What does Maldivian president visit’s break with tradition signify?: Global Times editorial
Published: Jan 06, 2024 12:28 AM
China-Maldives relations. Photo: VCG

China-Maldives relations. Photo: VCG

Maldivian President Mohamed Muizzu will pay a state visit to China from January 8 to 12, becoming the first foreign head of state to visit China in the new year. This is also President Muizzu's first state visit to a foreign country this year.

Both China and the Maldives attach great importance to this visit, and the two countries are expected to reach a series of cooperative agreements in the fields of politics, economy, culture, and green development, as well as to promote the bilateral relationship to a new level. 

Many foreign media outlets have noticed that Muizzu will break from tradition by visiting China before India. In fact, after last year's Maldivian general election, much of Indian and Western public opinion immediately labeled Muizzu as "pro-China."

From this perspective, it seems that the Maldives' foreign policy has only two choices: either rely on India or turn to China. These voices completely ignore the fact that the Maldives is an independent sovereign country with legitimate interests and demands. As Muizzu has said before, the Maldives has no intention of getting involved in the geopolitical struggle between bigger powers and will cooperate with all countries, including India and China.

Indian and Western public opinions always view the Maldives through the lens of the competition between China and India. For them, the Maldives, due to its strategic importance, has become a piece of meat in the struggle between China and India. They have shown a hurt mentality when looking at the development of China-Maldives relations. In their view, only when the Maldives complies with India can they feel relieved. Moving closer to other countries is seen as a form of "betrayal." This is firstly a lack of respect for the Maldives. Secondly, they have been measuring China's corn by their own bushel. Chinese diplomacy is a true implementation of the Five Principles of Peaceful Coexistence, treating all sovereign countries equally regardless of size, respecting their sovereignty, not interfering in their internal affairs, and not targeting third parties.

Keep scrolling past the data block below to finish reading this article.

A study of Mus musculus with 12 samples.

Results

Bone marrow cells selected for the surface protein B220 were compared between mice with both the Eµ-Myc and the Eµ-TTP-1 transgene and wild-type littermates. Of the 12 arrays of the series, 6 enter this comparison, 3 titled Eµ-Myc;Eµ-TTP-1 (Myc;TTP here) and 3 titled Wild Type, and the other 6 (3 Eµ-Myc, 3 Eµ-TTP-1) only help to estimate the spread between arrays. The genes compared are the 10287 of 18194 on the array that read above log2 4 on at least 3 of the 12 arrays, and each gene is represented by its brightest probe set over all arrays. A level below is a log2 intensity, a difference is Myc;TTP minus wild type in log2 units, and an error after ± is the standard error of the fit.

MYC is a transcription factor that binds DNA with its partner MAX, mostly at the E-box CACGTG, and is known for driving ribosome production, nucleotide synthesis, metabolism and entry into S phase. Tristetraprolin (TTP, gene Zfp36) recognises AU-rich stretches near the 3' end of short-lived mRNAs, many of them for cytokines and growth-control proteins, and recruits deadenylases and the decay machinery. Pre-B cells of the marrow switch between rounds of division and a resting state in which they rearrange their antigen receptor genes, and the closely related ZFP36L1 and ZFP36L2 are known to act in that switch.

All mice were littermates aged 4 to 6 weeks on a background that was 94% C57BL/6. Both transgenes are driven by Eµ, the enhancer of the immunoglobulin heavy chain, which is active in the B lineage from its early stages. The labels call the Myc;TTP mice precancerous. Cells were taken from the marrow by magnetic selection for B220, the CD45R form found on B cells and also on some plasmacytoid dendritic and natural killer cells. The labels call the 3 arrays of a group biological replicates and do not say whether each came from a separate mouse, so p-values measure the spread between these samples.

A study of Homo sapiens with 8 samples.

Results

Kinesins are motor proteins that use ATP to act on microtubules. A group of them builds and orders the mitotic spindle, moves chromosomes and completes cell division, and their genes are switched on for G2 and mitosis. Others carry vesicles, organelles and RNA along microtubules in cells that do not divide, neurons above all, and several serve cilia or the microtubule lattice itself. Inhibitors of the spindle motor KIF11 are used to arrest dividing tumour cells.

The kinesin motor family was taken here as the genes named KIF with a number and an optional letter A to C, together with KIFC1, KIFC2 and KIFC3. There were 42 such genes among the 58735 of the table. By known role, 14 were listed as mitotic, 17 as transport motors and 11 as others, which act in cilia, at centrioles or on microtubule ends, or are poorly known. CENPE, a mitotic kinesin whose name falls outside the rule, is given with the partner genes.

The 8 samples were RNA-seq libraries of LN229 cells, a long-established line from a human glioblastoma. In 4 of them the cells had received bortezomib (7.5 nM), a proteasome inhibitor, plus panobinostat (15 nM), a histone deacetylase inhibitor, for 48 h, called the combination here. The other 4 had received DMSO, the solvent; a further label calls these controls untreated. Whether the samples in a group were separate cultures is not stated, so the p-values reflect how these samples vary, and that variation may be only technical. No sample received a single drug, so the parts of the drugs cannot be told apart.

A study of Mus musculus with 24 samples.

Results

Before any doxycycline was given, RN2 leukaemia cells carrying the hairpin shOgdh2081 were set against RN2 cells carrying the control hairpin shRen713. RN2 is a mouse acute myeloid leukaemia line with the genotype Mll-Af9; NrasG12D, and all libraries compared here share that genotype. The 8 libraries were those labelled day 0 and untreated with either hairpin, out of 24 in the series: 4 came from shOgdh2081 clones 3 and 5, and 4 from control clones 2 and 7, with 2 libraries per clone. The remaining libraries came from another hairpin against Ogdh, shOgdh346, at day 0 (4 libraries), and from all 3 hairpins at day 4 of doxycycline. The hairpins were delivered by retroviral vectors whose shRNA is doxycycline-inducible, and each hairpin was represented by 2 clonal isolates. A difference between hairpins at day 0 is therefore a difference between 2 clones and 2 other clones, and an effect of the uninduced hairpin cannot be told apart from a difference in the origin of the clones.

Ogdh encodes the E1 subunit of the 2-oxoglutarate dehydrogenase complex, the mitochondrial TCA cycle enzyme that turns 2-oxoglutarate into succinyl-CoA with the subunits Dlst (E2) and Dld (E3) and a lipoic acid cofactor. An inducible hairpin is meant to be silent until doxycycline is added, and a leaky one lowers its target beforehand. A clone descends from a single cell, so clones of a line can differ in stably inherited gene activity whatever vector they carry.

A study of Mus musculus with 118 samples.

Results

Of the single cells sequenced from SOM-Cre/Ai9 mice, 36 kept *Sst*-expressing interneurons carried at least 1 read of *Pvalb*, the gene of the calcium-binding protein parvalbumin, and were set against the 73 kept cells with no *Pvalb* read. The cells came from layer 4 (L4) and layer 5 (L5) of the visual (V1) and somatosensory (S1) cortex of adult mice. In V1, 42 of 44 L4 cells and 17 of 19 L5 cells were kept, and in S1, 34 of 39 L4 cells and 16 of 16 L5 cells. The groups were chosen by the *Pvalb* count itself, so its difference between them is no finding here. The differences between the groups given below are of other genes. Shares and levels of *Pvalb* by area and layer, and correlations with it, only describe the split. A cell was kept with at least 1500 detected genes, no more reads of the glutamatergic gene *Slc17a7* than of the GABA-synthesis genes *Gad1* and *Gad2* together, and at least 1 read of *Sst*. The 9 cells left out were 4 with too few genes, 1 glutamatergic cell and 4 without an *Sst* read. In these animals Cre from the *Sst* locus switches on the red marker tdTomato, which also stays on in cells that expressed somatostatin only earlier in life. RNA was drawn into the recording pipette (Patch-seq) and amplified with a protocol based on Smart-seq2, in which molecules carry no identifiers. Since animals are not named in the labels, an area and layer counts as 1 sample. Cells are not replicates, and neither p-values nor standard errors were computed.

Furthermore, in the development of relations between China and the Maldives, there is no requirement for the Maldives to sour relations with India or any other country, without exclusivity and without involving third-party conditions. In contrast, India tends to adopt a domineering stance toward its neighboring countries. China's scientific research vessel is preparing to dock for supplies in a Sri Lankan port, prompting an immediate protest from the Indian government. With Bangladesh set to hold elections soon, India is once again concerned about the possibility of a repeat of the Maldives' "anti-Indian" stance. Even former Maldivian president Ibrahim Mohamed Solih, considered by India to be pro-Indian, dismisses the notion, stating that the development of relations with China and India is not viewed as a zero-sum game. Indeed, even though a country is deemed "pro-China," it does not necessarily mean it is "anti-India."

The Maldives, with its enchanting white sandy beaches and tranquil azure waters, is the epitome of a tourist paradise in the minds of the Chinese people, never to be equated with the "battlefield" of competition among major powers. In recent years, China and the Maldives have strengthened cooperation through the joint construction of the Belt and Road Initiative, successfully completing projects such as the China-Maldives Friendship Bridge, the housing project in Hulhumale, and the expansion of the international airport. These projects address the actual needs of the Maldives' national development and people's livelihoods, serving as another exemplary model of China fostering good-neighborly relations, friendship, sincerity, and mutual benefit with its neighboring countries.

After taking office, President Mohamed Muizzu told the media, "I am a pro-Maldives person. For me, Maldives comes first, our independence comes first… I am not pro or against any country." This is equivalent to sending the same signal to all countries willing to engage in normal exchanges with the Maldives, and opening the same door. The progress in China-Maldives relations is not achieved through any magic by China, but by consistently adhering to mutual respect and support, setting an example of equal treatment and mutually beneficial cooperation between large and small nations. This right path of state-to-state interaction not only benefits the people of China and the Maldives, but is also worth considering as a reference for all countries wishing to develop normal diplomatic relations.